Aside from some fire from defenseman Mark Stuart, I thought I was watching a home video of an eighth grade dance, and not a hockey game between the Boston Bruins and Philadelphia Flyers on March 11. You know, girls on one side of the dance floor, boys on the other, and nary the twain shall meet.
There was nothing special about Stuart’s fights with Dan Carcillo and Ian Lapperierre; no punches of any significance were landed in either fight. And the game itself was a one-sided affair the Bruins decided to attend. The Flyers, apparently, had other plans.
The only noteworthy attribute to the game was the lack of snarl exhibited between these once-pugnacious rivals.
Anyone who has watched hockey over the past 40 years knows that any time these squads met up, the potential for exciting exchanges of fists, and plenty of them, gave the game an edge of anticipation and intensity.
Let’s face it: In the 1970s, Schultz and O’Rielly were bound to go, as were Cashman and Kelly. In the early-80s, Wensink vs. Wilson was a sure thing. Later, Jay Miller and Dave Brown battles seemed inevitable whenever they shared the ice.
Alas, Flyers-Bruins games no longer hold the same promise for hockey fight fans. It’s a sad state of affairs … and I’m not the only one lamenting the change.
Jay Miller himself shares the same view I do.
“It’s [punk-ass] bullpoop, not hockey,” Miller told me after I asked his opinion of today’s game vis-a-vis fighting. “The NHL needs to go back to the old style.”
The old style. Ask any sampling of current NHL hockey fans, and many will tell you the old style, which placed a premium on fighting and overall team toughness, is passé, detrimental to the game, and even the very antithesis of sport.
Fans like me and former players such as Miller and Dave Schultz, who made a living fighting upwards of 30 times a season, will insist that fighting in the NHL is more than mere bloodsport. It serves a vital function. “You see all the hits to the head and hitting from behind going on today?” asked Miller “We didn’t have as much of that when I played because players had to answer for their actions on the ice. We (the players) policed the game. Today, guys pull [stuff] because the mentality is, [If somebody does something cheap], the League will handle it.”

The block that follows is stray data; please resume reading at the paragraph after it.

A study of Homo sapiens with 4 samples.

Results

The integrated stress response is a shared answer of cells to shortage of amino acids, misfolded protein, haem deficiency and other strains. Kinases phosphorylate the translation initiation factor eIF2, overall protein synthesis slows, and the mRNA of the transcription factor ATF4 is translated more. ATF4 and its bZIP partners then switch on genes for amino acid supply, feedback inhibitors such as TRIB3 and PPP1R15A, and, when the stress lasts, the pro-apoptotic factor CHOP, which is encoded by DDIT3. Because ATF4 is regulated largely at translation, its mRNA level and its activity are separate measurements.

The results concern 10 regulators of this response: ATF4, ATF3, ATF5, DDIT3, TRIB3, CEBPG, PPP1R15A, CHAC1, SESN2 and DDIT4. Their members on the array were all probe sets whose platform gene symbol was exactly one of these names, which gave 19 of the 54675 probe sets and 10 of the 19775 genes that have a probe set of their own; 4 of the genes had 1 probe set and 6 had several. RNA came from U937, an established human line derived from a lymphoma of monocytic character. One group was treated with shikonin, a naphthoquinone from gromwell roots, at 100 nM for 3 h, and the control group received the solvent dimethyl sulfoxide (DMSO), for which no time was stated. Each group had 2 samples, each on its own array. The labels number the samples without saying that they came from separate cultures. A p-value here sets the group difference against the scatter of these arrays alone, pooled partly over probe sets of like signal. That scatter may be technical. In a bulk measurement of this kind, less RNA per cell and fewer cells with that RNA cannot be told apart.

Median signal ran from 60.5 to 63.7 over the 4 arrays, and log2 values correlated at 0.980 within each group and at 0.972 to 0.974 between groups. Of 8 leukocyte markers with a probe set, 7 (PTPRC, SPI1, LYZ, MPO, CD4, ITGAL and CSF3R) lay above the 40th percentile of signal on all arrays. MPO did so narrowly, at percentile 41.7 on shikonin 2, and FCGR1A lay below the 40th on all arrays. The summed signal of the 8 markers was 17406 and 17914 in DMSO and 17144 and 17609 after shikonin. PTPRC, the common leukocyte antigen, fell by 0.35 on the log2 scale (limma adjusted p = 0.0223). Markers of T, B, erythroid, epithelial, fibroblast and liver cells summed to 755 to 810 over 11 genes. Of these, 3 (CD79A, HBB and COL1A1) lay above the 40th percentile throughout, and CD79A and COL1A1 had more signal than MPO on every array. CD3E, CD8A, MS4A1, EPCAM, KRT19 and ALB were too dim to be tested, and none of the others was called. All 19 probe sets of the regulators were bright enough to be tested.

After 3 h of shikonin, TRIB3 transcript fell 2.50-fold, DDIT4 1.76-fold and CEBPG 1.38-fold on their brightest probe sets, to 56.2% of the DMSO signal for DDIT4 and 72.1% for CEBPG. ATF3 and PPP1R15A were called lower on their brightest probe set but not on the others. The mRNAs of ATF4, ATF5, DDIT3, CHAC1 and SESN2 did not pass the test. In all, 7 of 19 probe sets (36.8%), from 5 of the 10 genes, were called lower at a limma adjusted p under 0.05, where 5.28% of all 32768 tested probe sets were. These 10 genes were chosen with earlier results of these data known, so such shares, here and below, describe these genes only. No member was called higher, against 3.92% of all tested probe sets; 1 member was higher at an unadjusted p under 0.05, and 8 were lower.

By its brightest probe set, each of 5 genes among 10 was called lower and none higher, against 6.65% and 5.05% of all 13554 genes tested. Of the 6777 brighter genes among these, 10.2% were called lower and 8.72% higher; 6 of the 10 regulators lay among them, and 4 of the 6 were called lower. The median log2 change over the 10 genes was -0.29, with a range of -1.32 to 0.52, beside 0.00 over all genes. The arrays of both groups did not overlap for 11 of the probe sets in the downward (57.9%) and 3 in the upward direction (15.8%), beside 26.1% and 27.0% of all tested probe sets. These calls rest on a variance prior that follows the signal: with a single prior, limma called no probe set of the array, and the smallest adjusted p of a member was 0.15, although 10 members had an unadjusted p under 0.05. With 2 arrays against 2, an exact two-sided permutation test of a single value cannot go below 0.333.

Schultz simplified Miller’s point. “As long as hockey is played with a stick, there will be a need for fighting in the NHL.”
Miller, is also quick to point out that fighting, for him anyhow, was never about theatrics or entertainment. “It was a my job,” Miller explained, “to let the other team know, ‘Do not f-ck with our players.’ My job was easy.” Nor was fighting ever personal. “There was never any bad blood. I’ve never even met Dave Brown (off the ice). Never said a word to him.”
By the way, Miller and Brown fought nine times throughout their careers.
While understanding his job may have been easy for Miller, who spent four seasons in the Black and Gold before being traded to Los Angeles, taking on the likes of Brown, Chris Nilan, John Kordic, and others several times, executing it was anything but.
“Brownie and (Rick) Tocchet were probably the toughest [Flyer’s I fought], Miller admits, “but you can put a bunch of Flyers up there in any order.”
Just a job, yet without men like Miller on the clock, this once-fierce rivalry is in danger of losing it’s spark.
In his ongoing efforts to embarrass the NHL, head disciplinarian Colin Campbell issued a two-game ban on Alexander Ovechkin. Personally, I like Ovechkin. He’s a talented, gritty player that’s good for the league, but he’s dumber than a box of hair.
His hit on Brian Campbell was a classic case of boarding—numbers in plain sight, a few feet from the boards, blatant contact from behind … and totally unnecessary. OV should have received 10 games minimum for the act, and another two for being dumb.